Sliced your finger with a carving knife recently? Or maybe got stung by a bee? Most likely, your first thought is about heading to an emergency room.
That would probably be anyone’s first thought. The ER is ubiquitous in American health care and American culture as the place to go when you’re suddenly injured or sick. These medical facilities have long been a staple of TV, cable and the movies. But they may no longer be the best choice for quick, competent medical care.
Urgent care clinics have become a viable alternative for medical treatment, as they usually open in convenient locations. Hospitals, more often than not, are located in densely populated urban neighborhoods. Currently, there are nearly 7,400 urgent care clinics in the United States.
How do you choose whether to go to an urgent care clinic rather than an emergency room? It might be the case that you need immediate medical attention but not to the level available at an emergency room – a bee sting that swells your hand as opposed to one that’s making it difficult to breathe.
If you have life-threatening issues such as chest pain or difficulty breathing, you should head to a hospital emergency room immediately.
A sore wrist or scratchy throat are not good reasons to visit an emergency room. Emergency room staff have to prioritize patients, treating those with the most-serious medical conditions first and leaving people with minor injuries or symptoms to wait – often hours. Emergency rooms also are required by federal law to provide care to all patients, regardless of their ability to pay.
Hospital emergency departments provide medical care 24/7/365 – the rare instances when they close to patients are during extreme conditions such as mass-casualty incidents.
There are many medical conditions always considered emergencies because they require rapid or advanced treatments such as heart attacks or cranial surgery that may only be available at a hospital. However, emergency rooms are not intended as the place to get treatment simply because your doctor’s office is not open. That’s why emergency rooms can become clogged with people who could wait to be seen by their own doctor, or simply at home resting.
Symptoms best evaluated at an emergency room include:
- Persistent chest pain.
- Difficulty breathing.
- Any severe pain in the abdomen or halfway down the back.
- Sudden loss of balance or fainting.
- Sudden difficulty speaking or understanding speech.
- Sudden weakness or paralysis, especially on one side of the face.
- Rapid, fluttering or pounding heartbeat.
- Broken bones.
- Serious burns.
- Sudden, severe headache.
Urgent care does not rise to the level of emergency care. Urgent care facilities can serve as a bridge to your primary care physician or an emergency room. About 3 percent of urgent care visitors were diverted to emergency rooms in 2016, according to the Urgent Care Association of America.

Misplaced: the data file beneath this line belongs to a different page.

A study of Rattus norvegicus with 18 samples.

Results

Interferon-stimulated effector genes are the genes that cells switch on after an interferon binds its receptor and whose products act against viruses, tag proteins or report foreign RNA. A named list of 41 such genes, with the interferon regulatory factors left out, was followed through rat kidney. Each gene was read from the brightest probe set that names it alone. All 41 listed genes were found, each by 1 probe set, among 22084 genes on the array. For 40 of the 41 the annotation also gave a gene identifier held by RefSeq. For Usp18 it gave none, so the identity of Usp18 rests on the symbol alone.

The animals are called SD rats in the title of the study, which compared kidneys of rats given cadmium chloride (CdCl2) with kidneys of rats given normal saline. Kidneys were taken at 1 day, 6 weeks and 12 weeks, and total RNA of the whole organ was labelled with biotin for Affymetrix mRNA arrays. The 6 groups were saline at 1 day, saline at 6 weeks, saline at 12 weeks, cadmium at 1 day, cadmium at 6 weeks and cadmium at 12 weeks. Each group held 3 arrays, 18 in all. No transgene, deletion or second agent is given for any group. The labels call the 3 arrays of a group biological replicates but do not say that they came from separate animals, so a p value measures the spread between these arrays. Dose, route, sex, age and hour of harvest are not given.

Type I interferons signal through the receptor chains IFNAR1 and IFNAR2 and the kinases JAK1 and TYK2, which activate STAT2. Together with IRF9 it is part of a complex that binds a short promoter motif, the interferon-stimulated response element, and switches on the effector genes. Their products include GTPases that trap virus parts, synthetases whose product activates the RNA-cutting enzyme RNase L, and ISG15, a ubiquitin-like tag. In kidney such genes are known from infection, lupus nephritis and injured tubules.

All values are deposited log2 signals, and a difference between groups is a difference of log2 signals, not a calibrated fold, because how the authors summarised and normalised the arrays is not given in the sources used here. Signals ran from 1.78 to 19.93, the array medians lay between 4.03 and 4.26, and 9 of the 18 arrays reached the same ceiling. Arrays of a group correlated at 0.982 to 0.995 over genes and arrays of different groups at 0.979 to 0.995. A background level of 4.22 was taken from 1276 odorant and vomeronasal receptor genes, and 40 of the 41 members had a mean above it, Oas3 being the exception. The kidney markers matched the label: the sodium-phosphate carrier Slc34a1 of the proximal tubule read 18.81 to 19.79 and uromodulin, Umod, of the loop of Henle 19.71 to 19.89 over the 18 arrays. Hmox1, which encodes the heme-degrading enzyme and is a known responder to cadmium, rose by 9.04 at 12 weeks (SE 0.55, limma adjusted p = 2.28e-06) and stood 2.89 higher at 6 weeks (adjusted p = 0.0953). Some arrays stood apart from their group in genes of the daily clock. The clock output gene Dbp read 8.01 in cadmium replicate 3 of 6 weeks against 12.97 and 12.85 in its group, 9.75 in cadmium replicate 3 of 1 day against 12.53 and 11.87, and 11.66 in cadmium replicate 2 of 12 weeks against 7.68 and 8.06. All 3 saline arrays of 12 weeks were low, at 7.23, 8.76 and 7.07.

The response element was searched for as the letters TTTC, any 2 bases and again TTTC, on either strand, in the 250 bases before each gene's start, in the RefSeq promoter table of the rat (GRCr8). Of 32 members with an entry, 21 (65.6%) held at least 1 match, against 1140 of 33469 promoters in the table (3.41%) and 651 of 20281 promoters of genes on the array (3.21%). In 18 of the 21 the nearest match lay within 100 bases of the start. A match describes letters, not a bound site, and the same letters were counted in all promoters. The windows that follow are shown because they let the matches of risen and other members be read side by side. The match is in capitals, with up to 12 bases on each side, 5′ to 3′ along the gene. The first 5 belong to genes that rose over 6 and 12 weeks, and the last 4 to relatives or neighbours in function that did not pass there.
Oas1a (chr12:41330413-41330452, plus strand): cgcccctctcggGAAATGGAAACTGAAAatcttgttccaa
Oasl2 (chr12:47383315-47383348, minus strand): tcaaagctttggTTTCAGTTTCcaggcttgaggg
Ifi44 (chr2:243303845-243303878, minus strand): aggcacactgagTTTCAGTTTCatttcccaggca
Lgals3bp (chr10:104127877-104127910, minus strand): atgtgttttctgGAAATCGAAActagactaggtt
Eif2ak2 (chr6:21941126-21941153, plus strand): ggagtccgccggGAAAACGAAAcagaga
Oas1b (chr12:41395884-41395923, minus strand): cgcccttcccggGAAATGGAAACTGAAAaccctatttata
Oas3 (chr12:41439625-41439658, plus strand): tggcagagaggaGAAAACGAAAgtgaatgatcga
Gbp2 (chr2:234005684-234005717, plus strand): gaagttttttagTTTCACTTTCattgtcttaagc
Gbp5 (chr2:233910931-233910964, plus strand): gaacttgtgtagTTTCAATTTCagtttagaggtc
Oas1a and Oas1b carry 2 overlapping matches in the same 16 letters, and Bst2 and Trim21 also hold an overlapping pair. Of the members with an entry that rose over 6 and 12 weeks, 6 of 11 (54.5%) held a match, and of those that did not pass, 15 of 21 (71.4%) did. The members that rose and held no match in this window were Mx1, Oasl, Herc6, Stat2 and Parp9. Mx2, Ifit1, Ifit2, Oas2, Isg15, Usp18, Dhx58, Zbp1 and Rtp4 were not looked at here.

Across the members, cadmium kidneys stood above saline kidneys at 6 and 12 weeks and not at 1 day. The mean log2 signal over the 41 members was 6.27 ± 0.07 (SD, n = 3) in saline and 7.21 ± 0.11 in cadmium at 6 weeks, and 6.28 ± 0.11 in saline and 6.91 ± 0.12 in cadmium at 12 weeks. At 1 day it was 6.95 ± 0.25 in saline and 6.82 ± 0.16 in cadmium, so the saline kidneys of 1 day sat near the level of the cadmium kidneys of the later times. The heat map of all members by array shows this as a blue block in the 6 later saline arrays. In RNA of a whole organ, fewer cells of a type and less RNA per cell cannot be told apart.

Like an emergency room, urgent care clinics do not require an appointment. But the average time it takes to see a medical professional is 30 minutes, and the average visit takes about an hour, according to the Urgent Care Association of America. These clinics can handle a variety of medical problems or diagnose symptoms. Among these are:
- Ear pain.
- Painful urination.
- Sore throat.
- Minor injuries such as sprains or shallow cuts.
- Allergic reactions to insect stings or bites.
- Mild asthma.
Urgent care centers often have X-ray machines and medical labs onsite that can be used to determine the extent of an injury or diagnose a medical condition.
Whether you go to an emergency room or an urgent care clinic, it’s important to bring a list of any medications you take, including vitamins and supplements. Also, make sure to know any allergies you may have. Letting a doctor know you’re allergic to steroids can save you the discomfort that comes with a reaction – and not get in the way of treating the condition for which you are seeking help. You should also let the medical staff know about any previous medical procedures or surgeries.
When choosing whether to go to an emergency room or an urgent care clinic, ask yourself: Is this medical issue scary enough to take the time and pay the cost of visiting an emergency room?
The treatment bill may be lower at an urgent care clinic that is part of your health plan’s network than it may be at an emergency room. Urgent care bills usually cost less than $200, versus emergency room bills that can top $1,200.
In some instances, insurers will deny coverage to patients who visit the ER for a minor ailment when an urgent care clinic or walk-in clinic is a viable option.
What other questions do you have about urgent care clinics versus emergency rooms? Let us know in the comments below.